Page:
These three men may not have been hacked. But they were shot dead pointblank. What, then, separates these murders from the horrific killing of Bangladeshi bloggers over the last year?
Dabholkar, Pansare and Kalburgi were murdered for their thoughts. Murdered for believing in rationalism and criticising the excesses and blindnesses of Hindu society. In each case, their murderers are suspected to be from Hindu right wing groups. But the police is still hunting for suspects.
At 8:40am 30 August morning, the doorbell rang at Kannada scholar MM Kalburgi's residence. His wife opened the door to two men who asked for her husband, one who had walked up to the door, and another who was waiting on his motorcycle. When Kalburgi appeared, the assailant at the door shot him at close range in his head and chest.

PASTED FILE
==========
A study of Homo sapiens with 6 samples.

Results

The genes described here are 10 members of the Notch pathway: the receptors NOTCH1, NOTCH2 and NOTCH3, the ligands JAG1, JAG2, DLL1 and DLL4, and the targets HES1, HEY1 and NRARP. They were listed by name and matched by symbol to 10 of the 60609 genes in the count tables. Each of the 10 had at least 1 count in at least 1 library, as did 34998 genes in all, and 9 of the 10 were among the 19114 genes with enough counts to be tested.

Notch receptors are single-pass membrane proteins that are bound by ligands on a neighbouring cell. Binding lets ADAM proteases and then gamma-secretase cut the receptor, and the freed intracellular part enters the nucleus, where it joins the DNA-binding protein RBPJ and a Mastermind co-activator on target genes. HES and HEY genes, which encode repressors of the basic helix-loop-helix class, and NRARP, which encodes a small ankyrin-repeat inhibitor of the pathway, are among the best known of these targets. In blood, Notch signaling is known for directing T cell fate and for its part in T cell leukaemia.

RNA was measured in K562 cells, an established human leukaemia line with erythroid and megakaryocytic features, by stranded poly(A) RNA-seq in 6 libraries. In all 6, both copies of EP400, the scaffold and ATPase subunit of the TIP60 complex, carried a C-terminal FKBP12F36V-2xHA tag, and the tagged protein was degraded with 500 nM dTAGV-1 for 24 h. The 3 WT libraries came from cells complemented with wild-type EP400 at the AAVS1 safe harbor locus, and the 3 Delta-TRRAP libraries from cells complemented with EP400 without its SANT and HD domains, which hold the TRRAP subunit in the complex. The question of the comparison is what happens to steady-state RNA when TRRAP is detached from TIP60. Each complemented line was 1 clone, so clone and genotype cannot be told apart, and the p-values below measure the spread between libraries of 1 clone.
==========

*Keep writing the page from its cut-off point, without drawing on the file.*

Former Vice Chancellor of the Kannada University in Hampi, Kalburgi was a noted Kannada epigraphist and a renowned scholar of the Vachana literature. He won the Sahitya Akademi award in 2006 for his research titled Marga 4.
Back in 2013, rationalist Narendra Dabholkar was out on his usual morning walk in Pune when he was shot dead. Social activist Govind Pansare faced the same fate in Kolkapur earlier this year, in February. Pansare's wife Uma Pansare was also attacked, but she survived.
These killings are troublingly similar to the the hacked Bangladeshi bloggers, whose deaths, although far more gruesome, stem out of the same collective insecurity - that the rationalist, liberal, atheist voice will make its mark.
Soon after Kalburgi's death, the Bajrang Dal co-convener in Bantwal issued an open threat to another Kannada scholar, KS Bhagwan. The account was deleted soon after.